Mark 14:22-26 – Institution of the Lord’s Supper

Christian MölkMark Leave a Comment

Mark 14:22

  1. Giving thanks to God, breaking the bread and then distributing it to each person was a common way to begin a meal (Matthew 14:9). The Passover meal also had a number of words recited to commemorate Israel’s exodus from Egypt.
  2. That the bread is “broken” and given to “all” symbolizes that Jesus died for all humanity. 
  3. The fact that Jesus offers this meal to his disciples shows that Jesus does not force this on anyone, it must be received voluntarily.
  4. Jesus calls himself “the bread of life” (John 6:48).

Mark 14:23-24

  1. In the Old Testament, a goat was sacrificed once a year to take away the sins of the people and make atonement for Israel (Leviticus 16).
    1. Jesus is the sacrificial lamb of all humanity who reconciled humanity to God and takes away all sin once and for all (John 1:29, Heb 9:14, 1 Peter 1:18-21).
  2. With this meal, Jesus shifts the focus from the exodus of Israel to his own death. Just as God saved Israel from the bondage of Egypt through the blood of the Lamb, so God saves all humanity from the bondage of sin through Jesus’ death on the cross.
  3. Jeremiah prophesied that God would establish a new covenant: “No, this is the covenant that I will make with the house of Israel after this time, says the Lord: I will put my law within them and write it on their hearts. I will be their God and they will be my people. Then they will no longer have to teach one another, no one their brother, and say: “Know the Lord!” For all will know me from the least of them to the greatest, says the Lord. For I will forgive their iniquities, and their sins I will remember no more.” (Jer 31:33-34).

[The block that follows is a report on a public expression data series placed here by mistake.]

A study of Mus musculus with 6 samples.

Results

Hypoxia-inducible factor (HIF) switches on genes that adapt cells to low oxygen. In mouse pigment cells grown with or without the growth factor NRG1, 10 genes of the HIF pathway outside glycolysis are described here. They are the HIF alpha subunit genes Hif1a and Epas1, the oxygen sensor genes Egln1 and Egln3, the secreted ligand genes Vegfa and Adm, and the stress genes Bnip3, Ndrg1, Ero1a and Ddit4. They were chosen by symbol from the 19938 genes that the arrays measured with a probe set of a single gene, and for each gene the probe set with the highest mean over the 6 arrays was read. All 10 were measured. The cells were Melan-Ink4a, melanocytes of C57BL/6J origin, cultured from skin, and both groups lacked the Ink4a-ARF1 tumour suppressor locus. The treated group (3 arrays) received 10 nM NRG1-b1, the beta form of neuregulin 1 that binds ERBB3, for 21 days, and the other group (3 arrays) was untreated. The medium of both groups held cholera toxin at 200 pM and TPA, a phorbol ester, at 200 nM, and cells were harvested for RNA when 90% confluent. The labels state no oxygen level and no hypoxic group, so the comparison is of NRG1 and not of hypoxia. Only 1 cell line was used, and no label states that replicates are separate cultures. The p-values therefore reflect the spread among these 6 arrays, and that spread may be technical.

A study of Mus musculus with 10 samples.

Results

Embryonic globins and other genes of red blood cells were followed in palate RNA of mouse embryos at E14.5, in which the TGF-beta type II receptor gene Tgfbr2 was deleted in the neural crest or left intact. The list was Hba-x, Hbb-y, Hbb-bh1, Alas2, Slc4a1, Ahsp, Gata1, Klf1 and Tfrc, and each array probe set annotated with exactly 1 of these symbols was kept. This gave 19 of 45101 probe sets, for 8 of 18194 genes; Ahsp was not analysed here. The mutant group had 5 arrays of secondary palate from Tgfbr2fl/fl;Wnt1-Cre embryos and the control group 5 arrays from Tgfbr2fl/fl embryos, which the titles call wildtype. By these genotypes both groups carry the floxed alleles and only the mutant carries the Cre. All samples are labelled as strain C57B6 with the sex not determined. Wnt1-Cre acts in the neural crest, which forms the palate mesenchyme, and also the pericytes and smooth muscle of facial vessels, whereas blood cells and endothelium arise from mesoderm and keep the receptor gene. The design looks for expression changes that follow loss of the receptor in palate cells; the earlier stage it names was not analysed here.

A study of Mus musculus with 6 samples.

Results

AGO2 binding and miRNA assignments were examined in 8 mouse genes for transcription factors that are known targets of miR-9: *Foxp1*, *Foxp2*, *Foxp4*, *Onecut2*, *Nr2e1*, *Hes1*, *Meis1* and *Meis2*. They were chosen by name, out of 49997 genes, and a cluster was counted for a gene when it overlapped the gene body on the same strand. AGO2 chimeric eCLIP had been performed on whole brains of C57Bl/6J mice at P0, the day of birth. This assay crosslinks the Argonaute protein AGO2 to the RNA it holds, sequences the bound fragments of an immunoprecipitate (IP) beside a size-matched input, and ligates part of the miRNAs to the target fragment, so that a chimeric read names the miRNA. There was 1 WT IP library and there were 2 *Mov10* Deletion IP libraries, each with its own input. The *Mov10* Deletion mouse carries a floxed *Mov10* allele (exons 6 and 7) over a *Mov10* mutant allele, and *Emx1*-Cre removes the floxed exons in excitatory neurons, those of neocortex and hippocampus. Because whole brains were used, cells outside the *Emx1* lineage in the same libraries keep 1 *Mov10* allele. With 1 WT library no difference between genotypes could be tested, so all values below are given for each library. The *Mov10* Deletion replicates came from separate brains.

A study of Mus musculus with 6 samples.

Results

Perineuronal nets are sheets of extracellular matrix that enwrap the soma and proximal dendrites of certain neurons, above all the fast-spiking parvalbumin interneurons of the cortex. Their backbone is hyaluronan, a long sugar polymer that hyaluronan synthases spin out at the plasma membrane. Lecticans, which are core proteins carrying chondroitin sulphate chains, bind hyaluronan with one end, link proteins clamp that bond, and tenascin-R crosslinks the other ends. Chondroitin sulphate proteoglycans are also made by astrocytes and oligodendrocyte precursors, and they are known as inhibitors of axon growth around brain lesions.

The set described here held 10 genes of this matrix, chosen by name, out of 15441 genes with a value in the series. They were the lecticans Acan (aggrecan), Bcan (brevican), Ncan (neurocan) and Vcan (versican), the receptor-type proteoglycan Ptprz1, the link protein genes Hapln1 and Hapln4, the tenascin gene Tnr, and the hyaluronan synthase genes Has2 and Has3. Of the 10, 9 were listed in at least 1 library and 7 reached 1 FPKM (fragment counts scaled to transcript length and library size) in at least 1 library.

1. This new covenant is based on God forgiving our sins, putting his word in our hearts and opening up a close relationship between God and man.
    1. This first communion will be the beginning of this new covenant, and those who partake of it will also partake of the covenant.

Mark 14:25

  1. The first time Jesus came to earth, he planted the kingdom of God and sacrificed himself for humanity. The second time Jesus comes to earth, he will fully establish the kingdom of God and reign as king (Rev 20:4-6).